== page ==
Irish tourists and backpackers trapped in Peru since the outbreak of Covid-19 there are asking for the Irish Government to do more to help them get home.
Jessica Powell from Dublin had travelled to Peru to meet her boyfriend who had been travelling around South America, but just a week after they arrived in Peru, the country went into lockdown.
She said she believes at least 30 Irish people are in the same situation and said that the curfew has left many travellers fearful that they will not be able to get out at all.
"Basically we were here about a week and I was due to fly home on Monday. On Sunday night the president declared a state of emergency and said that everyone must go into lockdown for 15 days."
She said she received an email from KLM on Sunday to inform her that her flight, which was due to go out the next morning, had been cancelled.
She was in the process of trying to rebook her flight when the Peruvian President Martín Vizcarra announced the 15-day state of emergency and the total closure of the country's border.
"No one was to get in or out of the country so anyone who did have flights within a 12-hour time frame were able to get out but for most of us that meant we were stuck here."
@simoncoveney We are a group of 3 Irish backpackers among hundreds stranded in Peru. What steps are in place to bring us home? We've only been offered a €3,000 flight to London so far that we don’t even have a guaranteed seat on yet. #IrishStuckInPeru— ✨Jessica Powell✨ (@JustJessicaP) March 19, 2020
Peru's government has deployed masked military personnel to block major roads in Lima, while police have restricted the movement of people, as the country rolled out a state of enforced "social isolation" to slow the spread of coronavirus.
Ms Powell has since been staying in a hostel in Lima along with a number of other Irish people.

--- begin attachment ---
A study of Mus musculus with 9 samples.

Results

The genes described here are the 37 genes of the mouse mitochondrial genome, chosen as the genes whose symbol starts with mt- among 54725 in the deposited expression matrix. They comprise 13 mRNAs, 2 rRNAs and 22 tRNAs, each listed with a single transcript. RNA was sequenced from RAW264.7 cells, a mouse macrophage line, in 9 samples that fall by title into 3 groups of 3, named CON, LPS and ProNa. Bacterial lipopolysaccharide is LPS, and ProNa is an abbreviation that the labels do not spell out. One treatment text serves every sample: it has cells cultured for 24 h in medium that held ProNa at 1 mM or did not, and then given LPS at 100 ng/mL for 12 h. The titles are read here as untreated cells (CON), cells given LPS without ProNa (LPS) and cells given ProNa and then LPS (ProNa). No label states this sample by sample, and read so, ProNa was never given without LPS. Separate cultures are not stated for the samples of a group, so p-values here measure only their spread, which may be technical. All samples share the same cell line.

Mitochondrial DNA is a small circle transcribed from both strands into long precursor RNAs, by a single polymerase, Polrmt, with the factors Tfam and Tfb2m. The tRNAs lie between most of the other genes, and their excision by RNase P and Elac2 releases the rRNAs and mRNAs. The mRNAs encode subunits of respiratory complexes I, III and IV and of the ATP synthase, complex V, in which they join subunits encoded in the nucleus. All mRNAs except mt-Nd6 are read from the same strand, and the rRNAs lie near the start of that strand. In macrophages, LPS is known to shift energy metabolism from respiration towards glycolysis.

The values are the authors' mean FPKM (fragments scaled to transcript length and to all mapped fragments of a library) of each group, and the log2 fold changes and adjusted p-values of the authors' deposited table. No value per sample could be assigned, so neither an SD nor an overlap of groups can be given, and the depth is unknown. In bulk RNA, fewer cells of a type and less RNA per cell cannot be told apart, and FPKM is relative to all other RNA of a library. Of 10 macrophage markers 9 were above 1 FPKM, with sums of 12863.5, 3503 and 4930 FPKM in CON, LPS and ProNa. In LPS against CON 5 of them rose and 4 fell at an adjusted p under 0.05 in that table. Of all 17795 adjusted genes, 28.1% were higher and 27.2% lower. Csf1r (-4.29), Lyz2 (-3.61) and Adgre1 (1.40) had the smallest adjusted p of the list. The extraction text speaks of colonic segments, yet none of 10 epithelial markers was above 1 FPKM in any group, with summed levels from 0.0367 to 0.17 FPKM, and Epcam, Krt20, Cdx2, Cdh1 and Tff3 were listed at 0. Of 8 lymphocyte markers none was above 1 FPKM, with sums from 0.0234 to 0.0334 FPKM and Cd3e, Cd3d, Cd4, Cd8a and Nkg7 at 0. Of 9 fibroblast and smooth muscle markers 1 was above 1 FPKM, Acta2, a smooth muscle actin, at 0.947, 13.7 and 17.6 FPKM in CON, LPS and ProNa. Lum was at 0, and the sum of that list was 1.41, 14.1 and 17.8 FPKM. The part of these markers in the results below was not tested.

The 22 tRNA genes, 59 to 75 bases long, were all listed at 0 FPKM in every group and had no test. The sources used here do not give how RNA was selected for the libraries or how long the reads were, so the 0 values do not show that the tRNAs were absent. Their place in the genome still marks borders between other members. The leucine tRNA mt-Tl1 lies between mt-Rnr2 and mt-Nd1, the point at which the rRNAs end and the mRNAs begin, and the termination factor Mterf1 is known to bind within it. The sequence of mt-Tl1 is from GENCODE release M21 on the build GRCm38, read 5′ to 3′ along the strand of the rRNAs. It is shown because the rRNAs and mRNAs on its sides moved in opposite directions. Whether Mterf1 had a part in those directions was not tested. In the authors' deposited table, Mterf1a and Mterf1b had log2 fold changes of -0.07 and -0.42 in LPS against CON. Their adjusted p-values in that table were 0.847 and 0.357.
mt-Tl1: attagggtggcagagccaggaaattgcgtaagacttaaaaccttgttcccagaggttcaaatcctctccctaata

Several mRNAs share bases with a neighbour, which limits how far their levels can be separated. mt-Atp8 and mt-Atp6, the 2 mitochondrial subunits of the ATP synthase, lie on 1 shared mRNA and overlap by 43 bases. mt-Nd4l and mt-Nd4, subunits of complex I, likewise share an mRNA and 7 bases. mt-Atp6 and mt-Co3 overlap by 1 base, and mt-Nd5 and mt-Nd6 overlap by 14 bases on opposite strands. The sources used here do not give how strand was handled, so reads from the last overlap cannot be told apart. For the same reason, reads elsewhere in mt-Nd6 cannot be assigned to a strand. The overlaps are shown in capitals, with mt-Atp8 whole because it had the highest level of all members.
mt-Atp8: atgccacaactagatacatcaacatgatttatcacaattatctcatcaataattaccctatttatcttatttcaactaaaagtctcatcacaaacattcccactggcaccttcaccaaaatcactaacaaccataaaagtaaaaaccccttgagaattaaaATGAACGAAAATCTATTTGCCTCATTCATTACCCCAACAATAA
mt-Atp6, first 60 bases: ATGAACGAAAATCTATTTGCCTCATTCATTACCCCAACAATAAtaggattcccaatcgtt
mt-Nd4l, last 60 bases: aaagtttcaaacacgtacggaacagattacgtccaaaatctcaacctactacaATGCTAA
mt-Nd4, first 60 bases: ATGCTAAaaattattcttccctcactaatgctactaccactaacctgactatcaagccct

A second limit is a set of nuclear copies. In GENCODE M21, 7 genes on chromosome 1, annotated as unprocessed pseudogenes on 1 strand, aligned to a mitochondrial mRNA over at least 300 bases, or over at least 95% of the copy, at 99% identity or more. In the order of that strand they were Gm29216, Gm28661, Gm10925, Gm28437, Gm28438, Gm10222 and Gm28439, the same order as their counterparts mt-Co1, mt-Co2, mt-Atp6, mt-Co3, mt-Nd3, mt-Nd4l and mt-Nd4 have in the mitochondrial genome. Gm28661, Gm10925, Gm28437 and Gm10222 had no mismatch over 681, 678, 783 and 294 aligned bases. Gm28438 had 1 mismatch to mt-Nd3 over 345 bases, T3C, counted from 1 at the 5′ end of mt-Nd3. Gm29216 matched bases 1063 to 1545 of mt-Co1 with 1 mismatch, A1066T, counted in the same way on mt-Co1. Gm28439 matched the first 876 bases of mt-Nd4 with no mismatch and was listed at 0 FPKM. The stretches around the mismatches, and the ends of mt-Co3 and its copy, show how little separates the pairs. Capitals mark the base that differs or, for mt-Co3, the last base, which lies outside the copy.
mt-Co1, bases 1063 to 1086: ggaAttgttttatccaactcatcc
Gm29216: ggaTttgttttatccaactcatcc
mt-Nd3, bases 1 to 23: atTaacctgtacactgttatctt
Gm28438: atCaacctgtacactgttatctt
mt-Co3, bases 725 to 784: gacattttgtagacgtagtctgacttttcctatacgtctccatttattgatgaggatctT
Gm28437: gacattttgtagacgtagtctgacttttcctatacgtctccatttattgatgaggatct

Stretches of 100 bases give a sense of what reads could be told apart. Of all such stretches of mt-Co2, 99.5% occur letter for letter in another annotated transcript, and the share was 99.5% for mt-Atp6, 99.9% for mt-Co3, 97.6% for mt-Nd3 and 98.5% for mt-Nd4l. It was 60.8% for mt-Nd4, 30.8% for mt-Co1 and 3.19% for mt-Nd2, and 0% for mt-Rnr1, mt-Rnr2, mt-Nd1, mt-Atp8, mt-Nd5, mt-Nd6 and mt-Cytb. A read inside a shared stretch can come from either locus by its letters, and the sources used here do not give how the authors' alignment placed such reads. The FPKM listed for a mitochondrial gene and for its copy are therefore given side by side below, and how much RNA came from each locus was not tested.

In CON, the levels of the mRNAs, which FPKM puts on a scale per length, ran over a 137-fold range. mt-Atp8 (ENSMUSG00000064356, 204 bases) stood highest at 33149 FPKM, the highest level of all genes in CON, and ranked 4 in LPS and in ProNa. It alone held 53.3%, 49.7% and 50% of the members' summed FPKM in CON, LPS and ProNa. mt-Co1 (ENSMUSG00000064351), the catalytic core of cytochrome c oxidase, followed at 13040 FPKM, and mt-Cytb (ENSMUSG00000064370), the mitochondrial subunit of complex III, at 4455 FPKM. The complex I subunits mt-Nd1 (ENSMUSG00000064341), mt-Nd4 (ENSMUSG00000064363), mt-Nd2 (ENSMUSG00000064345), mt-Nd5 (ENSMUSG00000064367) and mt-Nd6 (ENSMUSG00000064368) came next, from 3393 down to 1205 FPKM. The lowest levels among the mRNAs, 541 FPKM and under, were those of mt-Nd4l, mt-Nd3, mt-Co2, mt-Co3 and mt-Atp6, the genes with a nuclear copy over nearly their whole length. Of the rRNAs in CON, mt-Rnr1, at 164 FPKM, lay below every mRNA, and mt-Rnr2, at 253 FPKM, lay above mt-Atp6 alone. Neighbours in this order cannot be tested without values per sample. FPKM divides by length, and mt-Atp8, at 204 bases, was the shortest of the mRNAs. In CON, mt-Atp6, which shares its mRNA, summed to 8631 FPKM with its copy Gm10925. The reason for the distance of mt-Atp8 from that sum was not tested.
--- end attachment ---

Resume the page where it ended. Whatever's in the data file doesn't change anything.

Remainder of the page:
"Our biggest fear at the moment is that the common area in the hostel has apartments that are overlooked by Peruvians and that they're going to take photos of us and basically report us to the authorities to say that this is a group gathering, there should be no group gatherings and that we should all be kept in our rooms."
She said some Peruvians have blamed Europeans for bringing Covid-19 into the country.
"They've really taken a stand against us. We're also on curfew between 8pm and 5am and if we are to leave the hostel it's only to go to a grocery store and there's armed guard patrolling the streets."
She said she was fearful about what might happen in two weeks' time if the situation becomes more unstable.
"We've heard of people who have been egged walking down the street, even Europeans being beeped at by taxis to draw attention to them so it’s quite scary to think that this could get a lot worse for us in the next two weeks."
She said she has been in touch with the nearest Irish embassy in Chile, but the only way out offered has been a flight that could cost over €3,000.
Details of this flight have been sent by the British Embassy to its citizens also stranded in Peru, stating that Colombian airline Avian was considering operating a charter flight from Lima to London this weekend but warned that the one-way trip was likely to cost those stranded between US$3,000-3,500.
With sites such as Cusco and Machu Picchu, Peru is one of the most visited countries by tourists in South America.
Airline industry group ALTA said Colombia, Paraguay, Chile, Argentina, Honduras, Guatemala, Bolivia, Panama and El Salvador had also restricted flights into their territories.
Irish citizens looking for assistance abroad should contact the Department of Foreign Affairs Covid-19 phone line on +353 1613 1733 or online.
Around 80% of cases of Covid-19 will be a mild to moderate illness, close to 14% have severe disease and around 6% are critical.
Generally, you need to be 15 minutes or more in the vicinity of an infected person, within 1-2 metres, to be considered at-risk or a close contact.